A powerful decision

This is a classic Of Wings & Things from the 1980s. GAN will continue to run the late Mr. Bowers’ column for the enjoyment of his readers.

One of the major decisions for any airplane designer is powerplant. Sometimes the choice is made for the designer when the customer who ordered the plane specifies the engine to be used.

In the case of a company that’s developing a new aircraft on its own, the choice can be particularly tough: a well-proven engine that may soon be obsolete, or a new and unproven model that seems to deliver more power for its weight and has good potential for future growth?

The Boeing Airplane Co., and others, were in the latter situation early in 1928. Boeing was designing a new two-seater for the primary training market, and the choice of engines wasn’t very wide. The faithful old watercooled Curtiss OX-5, with 90 hp, was clearly on the way out, and the popular Wright J-5 “Whirlwind” was too big for that class of airplane. There wasn’t much choice in between at the time except the brand-new and highly innovative Fairchild-Caminez, a compact air-cooled radial.

Under development since 1925, the Caminez was now on the market and promised to revolutionize the engine business. Instead of conventional connecting rods and crankshaft, the Caminez used a double-lobe cam and rollers, and obtained four piston-strokes per revolution instead of two. This arrangement gave two power strokes per cylinder per cycle instead of one at a propeller speed half that of a regular engine. This made for a very efficient slow-turning propeller. The cams also permitted an even number of cylinders in a single-row engine where conventional radials always had an odd number. This, plus the different innards, supposedly made for much smoother running.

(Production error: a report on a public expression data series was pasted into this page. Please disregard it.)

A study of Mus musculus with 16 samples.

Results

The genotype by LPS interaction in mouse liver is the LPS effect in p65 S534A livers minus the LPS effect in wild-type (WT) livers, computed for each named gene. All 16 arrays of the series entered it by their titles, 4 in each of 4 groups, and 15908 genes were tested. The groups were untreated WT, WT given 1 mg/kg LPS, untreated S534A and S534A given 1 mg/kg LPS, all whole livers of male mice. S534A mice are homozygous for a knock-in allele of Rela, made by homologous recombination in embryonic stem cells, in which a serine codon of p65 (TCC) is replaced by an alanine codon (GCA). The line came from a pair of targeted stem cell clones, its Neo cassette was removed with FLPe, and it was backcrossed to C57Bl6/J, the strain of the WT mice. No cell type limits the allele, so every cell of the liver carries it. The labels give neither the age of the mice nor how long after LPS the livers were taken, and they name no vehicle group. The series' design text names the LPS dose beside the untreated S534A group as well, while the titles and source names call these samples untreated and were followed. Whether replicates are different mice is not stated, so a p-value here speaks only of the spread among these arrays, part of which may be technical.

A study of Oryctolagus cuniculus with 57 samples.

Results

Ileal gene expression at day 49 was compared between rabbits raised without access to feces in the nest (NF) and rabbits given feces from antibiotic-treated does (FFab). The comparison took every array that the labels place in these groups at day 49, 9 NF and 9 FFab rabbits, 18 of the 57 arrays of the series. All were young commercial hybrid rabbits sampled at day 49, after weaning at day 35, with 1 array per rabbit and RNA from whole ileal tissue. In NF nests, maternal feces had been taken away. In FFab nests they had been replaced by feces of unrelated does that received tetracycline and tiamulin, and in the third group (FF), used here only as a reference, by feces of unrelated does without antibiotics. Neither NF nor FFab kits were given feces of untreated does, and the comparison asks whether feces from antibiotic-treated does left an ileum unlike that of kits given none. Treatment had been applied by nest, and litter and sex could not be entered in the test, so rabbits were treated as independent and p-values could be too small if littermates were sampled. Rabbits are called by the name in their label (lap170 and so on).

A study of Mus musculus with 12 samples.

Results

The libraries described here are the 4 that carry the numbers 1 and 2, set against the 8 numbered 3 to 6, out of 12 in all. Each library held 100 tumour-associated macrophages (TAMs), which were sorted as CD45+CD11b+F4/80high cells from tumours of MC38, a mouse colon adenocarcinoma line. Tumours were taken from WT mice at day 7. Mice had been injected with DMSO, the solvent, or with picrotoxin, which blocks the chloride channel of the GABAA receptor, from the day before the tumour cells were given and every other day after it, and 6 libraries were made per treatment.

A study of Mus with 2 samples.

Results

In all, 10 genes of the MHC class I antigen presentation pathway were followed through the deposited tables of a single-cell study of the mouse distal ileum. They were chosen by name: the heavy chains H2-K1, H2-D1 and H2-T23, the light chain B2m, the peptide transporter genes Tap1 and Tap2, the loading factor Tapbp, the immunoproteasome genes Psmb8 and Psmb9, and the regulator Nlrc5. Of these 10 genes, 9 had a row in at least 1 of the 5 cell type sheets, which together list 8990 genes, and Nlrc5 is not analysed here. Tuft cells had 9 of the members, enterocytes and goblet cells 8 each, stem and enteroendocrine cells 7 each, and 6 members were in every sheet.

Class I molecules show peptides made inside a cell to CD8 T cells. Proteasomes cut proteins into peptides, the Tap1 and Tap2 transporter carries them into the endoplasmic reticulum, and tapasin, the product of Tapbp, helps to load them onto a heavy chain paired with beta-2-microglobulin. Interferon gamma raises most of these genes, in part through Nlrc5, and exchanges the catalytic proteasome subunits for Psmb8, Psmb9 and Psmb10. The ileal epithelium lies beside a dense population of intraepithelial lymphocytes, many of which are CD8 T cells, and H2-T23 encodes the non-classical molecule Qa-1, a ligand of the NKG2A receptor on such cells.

The early engines were advertised as producing 150 hp at 1,200 rpm, later reduced to 145 at 1,100. By the time the engine was awarded Engine Approved Type Certificate (ATC) No. 1 in June 1928, it was rated 120 hp at 960 rpm.

Boeing built two Model 81 trainers to use the Caminez, and the first one flew in March 1928. The second went to the U.S. Navy in June for a fly-off trainer competition and received the Navy designation of XN2B-1.

In spite of the rosy promise in the Fairchild literature and the demonstrated efficiency of the new engine under testing, it simply didn’t stand up in an operational environment. Other manufacturers dropped the Caminez as an option for their standard models and the Navy sent the XN2B-l to Wright Aeronautical in January 1929 for installation of the brand-new 165 hp, Wright “Whirlwind.” This went on to become a very popular and dependable trainer engine.

Boeing soon replaced the Caminez in the Model 81 it still had and installed another new-model engine, the Axelson A, in December 1928. This was a seven cylinder radial delivering 150 hp at 1,800 rpm, but was so new that it didn’t have an ATC. With the new engine installed, Boeing redesignated the plane as Model 81-A and turned it over to its subsidiary, the Boeing School of Aeronautics.

The new Axelson didn’t stand up either, and the 81-A couldn’t qualify for the necessary ATC for commercial operation. The school then did some engineering on its own and replaced the 150 hp Axelson with a later ATC’d model that delivered only 115 hp. The airplane, now designed the 81-B, was then approved for commercial use.

The 115 hp Axelson, too, was a headache. Examples used in the school’s other trainers, Boeing 203s, were soon replaced by 165 hp Wright J-6-5s and a J-6-5 was put into the 81-B in October 1932, thereby making it the 81-C.

That’s quite a collection of engines for only two airplanes.